You’ll notice I talk about ghee a lot.  I LOVE the stuff.  Not sure what it is?  Ghee, in the most simple description, is a class of clarified butter.  It has for years been a staple in Southern Asian cuisine, as well as been used as a health remedy in many ancient cultures.  Recently though, it’s become popular in Western culture, too… you can even find it in many grocery stores now.  What’s with the obsession?  There are many reasons people love this stuff.  For one, it’s a deliciously healthy fat, making it a great choice for cooking, baking, and anything else that you’d normally use butter or oil for.  Second, it’s safe for people who are lactose-sensitive (for about 99%), making it a great healthy alternative for those with dietary restrictions!  That’s just two of many… read more below to see why I’m obsessed with ghee and how you can make it at home!  {Don’t want to make it at home?  Check THIS ghee… it’s great in both quality and taste, and comes in tons of flavors, too!}


Ghee has a plethora of benefits, for both in and out of the kitchen…


For cooking:

* Ghee is tough to burn.  While butter and most oils burn easily at high heats (butter’s smoke point is 325˚-375˚F), ghee will stay nice and buttery, allowing you to make what you want without annoying burnt interferences (ghee’s smoke point is between 400˚-500˚F).

* Ghee tastes incredibly wonderfully delicious… and that’s an understatement.

* Ghee can be used as a topping/spread, as a cooking oil, for baking, for frying, and for nearly any other cooking purpose.


For health:

* Ayurvedic medicine has long used ghee to help with digestion and to heal the gut.  It helps improve absorption and assimilation.

* It is also believed to promote learning and increase memory retention.

* It is often used in Indian medicinal practices to help with ulcers, constipation, and the promotion of healthy eyes and skin.

* It aids in the treatment of burns, rashes, and other skin conditions.

* Ghee is rich in antioxidants and acts as an aid in the absorption of vitamins and minerals from food, strengthening the immune system.

* It contains anti-viral properties that are believed to inhibit the growth of cancerous tumors.

* Ghee is tolerable by people who are sensitive to lactose/dairy (with very rare exception by individuals who are extremely sensitive).

* Ghee is said to stimulate the secretion of stomach acids to help with digestion, whereas other fats tend to slow down the digestion process and feel heavy in the stomach.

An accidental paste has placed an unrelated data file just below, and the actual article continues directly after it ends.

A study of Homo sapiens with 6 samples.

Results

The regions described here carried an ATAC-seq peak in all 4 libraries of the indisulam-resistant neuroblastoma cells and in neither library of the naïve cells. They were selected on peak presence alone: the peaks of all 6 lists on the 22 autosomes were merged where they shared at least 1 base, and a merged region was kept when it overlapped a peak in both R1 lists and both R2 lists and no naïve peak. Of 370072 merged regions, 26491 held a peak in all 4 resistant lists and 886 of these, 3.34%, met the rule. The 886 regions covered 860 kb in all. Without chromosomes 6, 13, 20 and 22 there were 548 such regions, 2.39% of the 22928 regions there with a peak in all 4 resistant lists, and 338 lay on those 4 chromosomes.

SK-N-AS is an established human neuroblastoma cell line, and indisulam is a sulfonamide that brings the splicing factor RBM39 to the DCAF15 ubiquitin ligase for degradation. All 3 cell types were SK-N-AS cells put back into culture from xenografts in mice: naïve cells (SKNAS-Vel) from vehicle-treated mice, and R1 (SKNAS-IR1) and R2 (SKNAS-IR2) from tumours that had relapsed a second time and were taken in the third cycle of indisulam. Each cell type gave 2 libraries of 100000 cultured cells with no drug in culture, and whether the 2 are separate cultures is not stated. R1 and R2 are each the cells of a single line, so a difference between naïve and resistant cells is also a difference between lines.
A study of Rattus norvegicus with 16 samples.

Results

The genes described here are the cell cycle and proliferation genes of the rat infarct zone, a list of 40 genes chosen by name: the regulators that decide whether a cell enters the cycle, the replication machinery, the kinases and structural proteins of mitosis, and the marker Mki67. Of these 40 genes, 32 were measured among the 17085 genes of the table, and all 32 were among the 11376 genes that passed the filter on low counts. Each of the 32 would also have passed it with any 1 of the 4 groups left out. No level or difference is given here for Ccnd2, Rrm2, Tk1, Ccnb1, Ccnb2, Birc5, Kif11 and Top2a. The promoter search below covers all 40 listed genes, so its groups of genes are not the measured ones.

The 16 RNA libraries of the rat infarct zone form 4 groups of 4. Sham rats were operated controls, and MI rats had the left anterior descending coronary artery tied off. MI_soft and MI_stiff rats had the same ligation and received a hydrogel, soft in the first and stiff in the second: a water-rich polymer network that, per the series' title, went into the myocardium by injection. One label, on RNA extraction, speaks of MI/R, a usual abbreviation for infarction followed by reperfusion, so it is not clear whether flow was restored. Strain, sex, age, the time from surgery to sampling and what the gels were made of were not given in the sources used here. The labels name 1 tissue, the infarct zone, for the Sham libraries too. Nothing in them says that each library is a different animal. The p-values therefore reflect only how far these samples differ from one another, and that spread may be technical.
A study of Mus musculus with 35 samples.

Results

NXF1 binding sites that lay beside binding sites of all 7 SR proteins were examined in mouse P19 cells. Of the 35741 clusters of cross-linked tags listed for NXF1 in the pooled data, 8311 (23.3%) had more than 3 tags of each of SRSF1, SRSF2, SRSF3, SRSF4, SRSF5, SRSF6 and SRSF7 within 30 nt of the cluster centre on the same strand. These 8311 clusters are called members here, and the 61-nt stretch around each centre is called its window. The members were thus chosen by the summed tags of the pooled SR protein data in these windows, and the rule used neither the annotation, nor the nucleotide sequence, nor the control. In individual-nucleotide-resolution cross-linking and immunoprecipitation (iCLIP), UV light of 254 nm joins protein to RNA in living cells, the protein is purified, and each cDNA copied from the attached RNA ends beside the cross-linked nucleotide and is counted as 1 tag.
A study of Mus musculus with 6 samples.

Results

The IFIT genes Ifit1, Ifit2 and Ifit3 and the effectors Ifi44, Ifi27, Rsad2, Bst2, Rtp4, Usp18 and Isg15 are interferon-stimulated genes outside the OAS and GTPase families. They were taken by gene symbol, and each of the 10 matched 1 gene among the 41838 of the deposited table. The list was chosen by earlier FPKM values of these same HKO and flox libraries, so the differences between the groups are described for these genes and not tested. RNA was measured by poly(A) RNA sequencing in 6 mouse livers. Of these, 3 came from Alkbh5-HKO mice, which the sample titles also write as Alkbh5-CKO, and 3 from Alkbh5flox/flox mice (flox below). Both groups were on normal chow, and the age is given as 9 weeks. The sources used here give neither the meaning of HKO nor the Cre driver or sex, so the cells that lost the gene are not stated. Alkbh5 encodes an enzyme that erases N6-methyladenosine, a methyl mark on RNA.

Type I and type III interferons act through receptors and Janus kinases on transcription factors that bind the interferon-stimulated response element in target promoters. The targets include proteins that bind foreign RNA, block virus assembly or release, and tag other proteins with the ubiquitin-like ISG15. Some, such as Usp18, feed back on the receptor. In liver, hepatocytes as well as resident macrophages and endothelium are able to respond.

* Studies have shown ghee to reduce cholesterol both in the serum and intestine by triggering an increased secretion of biliary lips (please note: it is said to reduce cholesterol for healthy people; however those with an already high cholesterol should be cautious.)

* Ghee is said to be good for the brain and nerves… it can help control eye pressure and is found to be beneficial to glaucoma patients.

This information was derived from a collection of sources including The Ayurvedic Institute and The Times of India.


A note about clarified butter vs ghee:

* While it’s minimal, there is a difference between ghee and clarified butter… the process of creating traditional clarified butter is complete once the water is evaporated and the fat (clarified butter) is separated from the milk solids. The production of ghee involves simmering the butter along with the milk solids so that they caramelize which makes it nutty-tasting and aromatic.



* It’s easy to make at home!

You can find ghee in many grocery stores (nearly all health food stores sell it and now even Trader Joes has it, too), but it costs more than making it at home.  The process is easy- all you need is butter (I prefer unsalted, grass-fed if possible), a pan, a spoon, a mini strainer or cheesecloth, and a little jar or container.  Here’s how…


To make ghee… 

16 tbsp, or 4 sticks, will make about 24 ounces ghee- use less for smaller portions

Using grass-fed ghee is recommended (Kerrygold makes it),

though any high quality unsalted butter will work


In a large pot, heat the butter over low-medium heat


Without stirring, let the butter cook down and melt slowly…

it will start to bubble- that’s the water cooking off

As it continues to cook, a white foamy layer will develop


Continue to let it simmer… it should take about 10-15 minutes more for it all to separate

When the milk solids begin to turn a golden caramel-brown color, it’s ready

(Ghee will turn varying shades of golden brown depending on the time of year and how long you let it cook)


Using a spoon, carefully scrape off the top layer of foam


Discard the foam… that’s not the stuff you want


Get as much of it out as you can with the spoon…

it doesn’t have to be perfect since it will get strained, too


Next, using a fine sieve or layered cheesecloth (coffee filters work, too though strain very slowly),

strain any remaining foamy particles until you have a clear foam-free liquid


Pour the liquid into a mason jar- using a funnel helps keep the process clean


That’s it!  Place the lid on it and refrigerate…

It will harden as it cools, and then will soften again at room-temp.

To store ghee, keep unopened jars in a cool dark area away from light…

once opened, you can refrigerate it for up to year at least!



Hi, I'm Natalie! I like to cook, eat, and adventure. I live in a little home with an itty-bitty kitchen, a crazy feline, and a very hungry boyfriend. Lots of cooking and devouring goes down here. Farmer's markets inspire me, as do the seasons and travel. I create simple recipes using wholesome real food. Enjoy!